New immunotherapy cancer centre a game changer for Victorian cancer patients
A new collaborative Centre for Cancer Immunotherapy will mean more Victorian cancer patients will be able to take part in potentially life-saving immunotherapy-based clinical trials and treatments.
The new centre is a joint initiative of Peter MacCallum Cancer Centre, the University of Melbourne and the Victorian Comprehensive Cancer Centre (VCCC) alliance and will capitalise on Victoria’s established reputation as a leader in the area of cancer immunotherapy.
Professor Joe Trapani will lead the new Centre for Cancer Immunotherapy, which is scheduled to open later this year.
Professor Trapani has led the Cancer Immunology and Immunotherapy Program at Peter Mac for more than 18 years and was appointed to his new role following an extensive local and international search.
Victorian Minister for Health Jill Hennessy congratulated Professor Trapani on his appointment and said: “Harnessing the body’s own immune system is the next frontier in cancer therapy. The Centre for Cancer Immunotherapy will provide crucial patient access to clinical trials in this rapidly evolving area of research.”
The new centre will bring together Peter Mac’s experience and expertise in immunotherapy research and clinical translation with the leading academic and research immunology programs of the University of Melbourne and the Doherty Institute.
It will also connect with immunotherapy-related research and clinical trials being undertaken in other VCCC partner organisations to leverage the critical mass of expertise and patient numbers provided by this powerful alliance.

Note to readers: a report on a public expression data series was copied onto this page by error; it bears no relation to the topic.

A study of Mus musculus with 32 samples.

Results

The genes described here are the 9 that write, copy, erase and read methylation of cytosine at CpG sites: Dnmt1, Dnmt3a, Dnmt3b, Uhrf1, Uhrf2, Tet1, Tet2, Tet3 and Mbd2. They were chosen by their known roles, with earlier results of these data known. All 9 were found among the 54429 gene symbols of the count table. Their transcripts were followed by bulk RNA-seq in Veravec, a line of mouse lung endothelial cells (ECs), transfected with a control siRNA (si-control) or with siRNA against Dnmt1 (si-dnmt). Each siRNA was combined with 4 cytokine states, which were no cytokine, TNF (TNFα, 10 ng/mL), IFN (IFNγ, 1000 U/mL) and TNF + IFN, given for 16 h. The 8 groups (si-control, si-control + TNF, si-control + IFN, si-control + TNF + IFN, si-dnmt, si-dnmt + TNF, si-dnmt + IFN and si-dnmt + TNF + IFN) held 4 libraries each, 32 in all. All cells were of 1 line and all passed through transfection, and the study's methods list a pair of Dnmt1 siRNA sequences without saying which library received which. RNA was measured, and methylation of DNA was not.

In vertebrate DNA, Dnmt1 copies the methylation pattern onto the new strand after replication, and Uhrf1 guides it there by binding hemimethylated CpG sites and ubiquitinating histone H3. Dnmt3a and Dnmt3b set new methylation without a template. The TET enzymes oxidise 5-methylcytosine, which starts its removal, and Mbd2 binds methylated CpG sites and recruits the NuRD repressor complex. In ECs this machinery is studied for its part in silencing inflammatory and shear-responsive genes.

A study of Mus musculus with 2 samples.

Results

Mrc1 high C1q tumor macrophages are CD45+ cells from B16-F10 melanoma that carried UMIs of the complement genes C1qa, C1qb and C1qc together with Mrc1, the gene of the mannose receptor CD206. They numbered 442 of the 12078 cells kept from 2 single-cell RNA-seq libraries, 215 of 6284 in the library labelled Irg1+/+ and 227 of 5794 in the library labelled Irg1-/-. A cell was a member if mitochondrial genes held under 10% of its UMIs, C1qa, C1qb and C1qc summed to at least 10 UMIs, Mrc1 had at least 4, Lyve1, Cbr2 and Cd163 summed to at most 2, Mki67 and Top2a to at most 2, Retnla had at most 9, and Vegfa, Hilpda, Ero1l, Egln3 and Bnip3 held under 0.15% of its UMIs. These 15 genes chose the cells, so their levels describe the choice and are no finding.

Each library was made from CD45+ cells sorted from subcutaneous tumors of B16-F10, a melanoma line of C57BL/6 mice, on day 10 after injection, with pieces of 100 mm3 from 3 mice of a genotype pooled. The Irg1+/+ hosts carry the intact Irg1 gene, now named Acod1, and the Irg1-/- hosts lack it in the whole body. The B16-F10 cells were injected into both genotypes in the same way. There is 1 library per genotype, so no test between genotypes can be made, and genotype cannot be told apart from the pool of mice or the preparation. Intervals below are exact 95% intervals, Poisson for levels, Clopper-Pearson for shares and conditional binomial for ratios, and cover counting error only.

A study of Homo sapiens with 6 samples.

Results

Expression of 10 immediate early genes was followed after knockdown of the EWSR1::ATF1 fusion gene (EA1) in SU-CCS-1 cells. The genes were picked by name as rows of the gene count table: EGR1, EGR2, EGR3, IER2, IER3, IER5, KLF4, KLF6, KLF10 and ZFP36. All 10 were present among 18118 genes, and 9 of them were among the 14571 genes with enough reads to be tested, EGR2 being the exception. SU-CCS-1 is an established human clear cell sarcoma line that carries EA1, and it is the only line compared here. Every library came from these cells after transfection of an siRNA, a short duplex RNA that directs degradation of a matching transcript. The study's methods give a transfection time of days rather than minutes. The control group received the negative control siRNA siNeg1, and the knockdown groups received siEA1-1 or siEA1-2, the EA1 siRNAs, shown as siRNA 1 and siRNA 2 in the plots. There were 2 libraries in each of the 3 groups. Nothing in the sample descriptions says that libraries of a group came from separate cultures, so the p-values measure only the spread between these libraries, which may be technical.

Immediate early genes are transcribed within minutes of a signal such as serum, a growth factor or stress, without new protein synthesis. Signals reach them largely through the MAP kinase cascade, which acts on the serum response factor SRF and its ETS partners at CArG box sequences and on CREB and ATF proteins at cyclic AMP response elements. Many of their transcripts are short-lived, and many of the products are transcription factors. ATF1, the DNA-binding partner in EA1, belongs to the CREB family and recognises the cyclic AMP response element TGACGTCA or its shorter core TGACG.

The vision for the new centre is that within five years, Victorian patients with all types of advanced cancer will have access to a clinical trial with an appropriate immune-based cancer therapy.
“This is an incredibly exciting time in cancer research,” said Professor Trapani. “The outlook for cancer patients is improving dramatically, and this is partly due to a whole new approach to treating cancer, which stimulates a cancer patient’s own immune system to rid them of their cancer.
“As inaugural director of this new centre I am very much looking forward to setting up an intensely collaborative research effort that will involve all 10 partners in the VCCC alliance, with particular input and support from the University of Melbourne and Peter Mac. Together we have an opportunity to significantly improve outcomes for cancer patients in Victoria and beyond.”
The centrepiece of the Centre for Cancer Immunotherapy will be a new laboratory space for up to 100 cancer researchers. The lab was recently completed on Level 13 of the VCCC building, within the Ian Potter Centre for New Cancer Treatments.
The centre will be shared by cancer immunology researchers and clinicians from across the partners of the VCCC alliance, who will work together to discover and improve immunotherapy treatments and speed up their translation into clinical care for patients.
The centre will act as a catalyst for boosting immunotherapy-based programs across the state including expansion of clinical trials and education for cancer clinicians and researchers.
VCCC Executive Director Professor Grant McArthur, said: “Immune-based therapies are revolutionising cancer outcomes, even in very advanced cases of diseases such as melanoma, lung cancer and childhood leukaemia. We currently have more than 50 active cancer clinical trials offering immunotherapy among the VCCC alliance partners alone.
“Through this fantastic, ground-breaking initiative, our partners will work together to greatly increase the number of patients benefiting from immunotherapy, improving their cancer treatment and saving many lives in the process.”
The Centre for Cancer Immunotherapy is a major feature of the Ian Potter Centre for New Cancer Treatments on level 13 of the VCCC building in Melbourne. This initiative has been supported by the Victorian State Government.